What's Your Blood Type? It May Affect Your Risk for COVID-19

A growing body of evidence suggests that blood type may play a role in the risk of becoming infected with the coronavirus or developing life-threatening complications from the illness.

Posted: Oct 14, 2020 9:04 PM

NBC News - A growing body of evidence suggests that blood type may play a role in the risk of becoming infected with the coronavirus or developing life-threatening complications from the illness.

But it does not mean that any single blood type is more protective or more dangerous regarding Covid-19, and the evidence may indeed raise more questions than answers.

Two studies on the topic were published Wednesday in the journal Blood Advances, a publication of the American Society of Hematology.

In the first, researchers in Denmark looked back at data on 473,654 people tested for Covid-19 from February to July. Most results were negative; just 7,422 tests came back positive.

Blood type, the researchers found, stood out as a potential key difference between the two groups.

"Blood group O is significantly associated with reduced susceptibility to SARS-CoV-2 infection," the study authors wrote, meaning that people with type O blood seemed to be less likely to become infected. SARS-CoV-2 is the virus that causes Covid-19.

The findings of the study are limited because blood type information was available for just 62 percent of those who were tested.

It is also important to note that people with type O blood can and do become infected.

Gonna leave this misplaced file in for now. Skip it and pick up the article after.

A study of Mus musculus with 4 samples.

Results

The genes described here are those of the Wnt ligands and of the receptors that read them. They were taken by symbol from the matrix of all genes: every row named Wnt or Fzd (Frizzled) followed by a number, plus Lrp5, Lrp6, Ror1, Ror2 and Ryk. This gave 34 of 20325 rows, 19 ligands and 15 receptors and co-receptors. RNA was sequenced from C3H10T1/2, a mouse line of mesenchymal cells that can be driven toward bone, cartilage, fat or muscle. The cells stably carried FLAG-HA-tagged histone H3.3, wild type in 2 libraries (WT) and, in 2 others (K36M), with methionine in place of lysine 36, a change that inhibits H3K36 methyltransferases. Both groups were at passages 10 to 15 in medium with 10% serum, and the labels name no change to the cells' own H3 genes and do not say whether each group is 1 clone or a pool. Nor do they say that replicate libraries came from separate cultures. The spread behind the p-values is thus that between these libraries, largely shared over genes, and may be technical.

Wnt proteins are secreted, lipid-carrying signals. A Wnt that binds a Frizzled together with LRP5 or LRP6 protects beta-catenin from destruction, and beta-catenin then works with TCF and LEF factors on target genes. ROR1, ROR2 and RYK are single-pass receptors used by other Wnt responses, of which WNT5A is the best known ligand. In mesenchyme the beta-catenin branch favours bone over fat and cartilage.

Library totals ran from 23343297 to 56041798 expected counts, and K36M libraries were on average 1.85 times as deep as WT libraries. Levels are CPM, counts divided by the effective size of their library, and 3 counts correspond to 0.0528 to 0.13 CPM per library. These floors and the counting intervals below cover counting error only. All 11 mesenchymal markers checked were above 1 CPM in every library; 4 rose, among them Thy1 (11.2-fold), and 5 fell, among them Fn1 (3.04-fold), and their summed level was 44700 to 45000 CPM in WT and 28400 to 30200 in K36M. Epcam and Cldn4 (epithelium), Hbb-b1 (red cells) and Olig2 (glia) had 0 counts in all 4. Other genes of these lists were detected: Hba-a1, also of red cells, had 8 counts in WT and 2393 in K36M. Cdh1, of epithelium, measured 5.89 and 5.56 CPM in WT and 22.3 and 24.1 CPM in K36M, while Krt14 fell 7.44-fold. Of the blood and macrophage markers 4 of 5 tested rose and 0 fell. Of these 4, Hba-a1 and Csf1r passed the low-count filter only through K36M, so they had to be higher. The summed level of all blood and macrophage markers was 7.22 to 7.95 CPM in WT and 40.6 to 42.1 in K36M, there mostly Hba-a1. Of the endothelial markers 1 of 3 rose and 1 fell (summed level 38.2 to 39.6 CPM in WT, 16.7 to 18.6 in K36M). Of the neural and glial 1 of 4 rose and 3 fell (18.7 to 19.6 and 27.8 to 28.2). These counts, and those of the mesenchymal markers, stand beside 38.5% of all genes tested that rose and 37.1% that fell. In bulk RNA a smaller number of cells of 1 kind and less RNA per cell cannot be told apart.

"The study suggests if you have type O, you have a slightly lower risk," Dr. Roy Silverstein, chair of medicine at the Medical College of Wisconsin, said. "But it's a small decrease," he said, adding that blood type does not equate to zero percent risk. Silverstein, who is also a former president of the American Society of Hematology, was not involved with the new studies.

What's more, Silverstein pointed out, the new research will not alter how doctors treat Covid-19 patients.

"They're not going to treat someone who comes into the hospital with type O differently than type A," he said. "The differences are just not that large."

Still, a second smaller study also published Wednesday seems to boost those findings. Researchers in Canada looked at data on 95 Covid-19 patients in Vancouver from February to April. All were sick enough to be hospitalized in intensive care units.

Again, researchers found differences in blood types. This time, certain types appeared to be associated with worse outcomes.